The exhibition looks at women's dress in some Muslim countries and communities and is a snapshot of diversities and commonalities through space and time. These highlight the influence of many forces – class, status, region, work, religious interpretation, ethnicity, urban/rural, politics, fashion, climate.
The two-day International Conference on the Religious Right, Secularism and Civil Rights held in London during 11-12 October 2014 was a rousing success. A broad coalition of secularists, including believers, free-thinkers, agnostics and atheists assembled from the Middle East, North Africa, South Asia and the Diaspora at the unprecedented and historic gathering to discuss resistance against the repression and violence of ISIS and other manifestations of the religious-Right, including in Afghanistan, Algeria, Bangladesh, India, Iran, Israel, Libya, Pakistan, Sri Lanka, Sudan, Turkey, Tunisia and Yemen.
This week marks the beginning of the yearly commemoration of 16 Days of Activism against Gender-Based Violence - a global campaign initiated and led by women's groups and movements in many parts of the world which put the spotlight on this pandemic. I have been a part of this campaign since its beginnings and through the lenses it has given me on why women are being targeted and subjected to the most inhuman manifestations of oppression, my feminist outlook has been sharpened and my activism for women's rights became an integral part of who I am. I am now a 62 year old feminist and human rights activist and on the road to slowing down while casting my vision to new fields where I can still be useful to my causes within my given limitations.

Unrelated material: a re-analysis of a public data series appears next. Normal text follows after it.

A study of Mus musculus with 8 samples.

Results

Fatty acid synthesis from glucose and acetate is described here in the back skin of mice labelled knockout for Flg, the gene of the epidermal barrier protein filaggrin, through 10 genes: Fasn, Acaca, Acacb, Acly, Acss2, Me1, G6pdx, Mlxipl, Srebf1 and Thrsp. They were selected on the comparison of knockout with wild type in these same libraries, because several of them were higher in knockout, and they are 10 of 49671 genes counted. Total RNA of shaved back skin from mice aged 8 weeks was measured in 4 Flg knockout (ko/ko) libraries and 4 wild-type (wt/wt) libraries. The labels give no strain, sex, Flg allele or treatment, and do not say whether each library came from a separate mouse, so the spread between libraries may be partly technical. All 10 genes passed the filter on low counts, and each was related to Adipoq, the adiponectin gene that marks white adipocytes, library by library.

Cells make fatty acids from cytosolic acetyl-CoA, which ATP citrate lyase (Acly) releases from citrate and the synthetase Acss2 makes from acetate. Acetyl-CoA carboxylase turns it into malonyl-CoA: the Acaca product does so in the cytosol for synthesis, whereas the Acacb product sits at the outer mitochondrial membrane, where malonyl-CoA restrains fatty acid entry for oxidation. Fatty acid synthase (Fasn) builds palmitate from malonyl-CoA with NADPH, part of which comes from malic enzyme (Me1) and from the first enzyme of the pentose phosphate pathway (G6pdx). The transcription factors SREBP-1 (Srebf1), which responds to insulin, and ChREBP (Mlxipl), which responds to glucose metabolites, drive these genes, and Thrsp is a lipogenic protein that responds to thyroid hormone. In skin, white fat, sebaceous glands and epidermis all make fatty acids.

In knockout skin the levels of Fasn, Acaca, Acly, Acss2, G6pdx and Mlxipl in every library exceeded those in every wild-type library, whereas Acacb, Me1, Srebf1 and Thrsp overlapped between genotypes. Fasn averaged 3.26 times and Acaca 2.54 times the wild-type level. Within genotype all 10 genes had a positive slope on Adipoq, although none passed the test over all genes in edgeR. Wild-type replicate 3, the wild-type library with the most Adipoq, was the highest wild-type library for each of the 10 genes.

It has never been more imperative to take action toward ending gender-based violence and militarism. From the terrorism of the likes of ISIS and Boko Haram, to the threats of Western-led imperialism, down to personal lives marred by cultures of masculinist violence, women all over the world face insecurity owing to patriarchal and militaristic violence.
Introducing Religious Fundamentalism
The world is less than 500 days away from the targeted day to reach the Millennium Development Goals (MDGs), eight goals and 18 targets set by the United Nations and governments to tackle some of the worst problems that have impeded developing nations.
While many of us watch in horror as ISIS advances, and fundamentalist ideas spread across religious traditions around the world, Maryam Namazie and Marieme Hélie-Lucas - secular feminists from Iran and Algeria - told Karima Bennoune why they are convening the International Secular Conference in London this week.
WLUML Board member, Karima Bennoune has been announced as the 2014 Dayton Literature Peace Prize Nonfiction winner, for her book Your Fatwa Does Not Apply Here: Untold Stories from the Fight Against Muslim Fundamentalism.
State Responsibility to Protect Human Rights Defenders
Sunila Abeysekera Commemoration, September 9th 2014
We as individual human rights activists, as well as the human rights community as a whole greatly miss Sunila today. As we struggle to grapple with myriads of contemporary challenges we miss her indomitable character, and energy. As we gather today to celebrate her life and work since she left us so suddenly – exactly an year ago, her memories still remain fresh in my mind. As I stated in my speech made in the first South Asian Sunila memorial lecture held in Dhaka organised last year by Sangat the South Asian Feminist, we will continue to remain in conversation with you Sunila.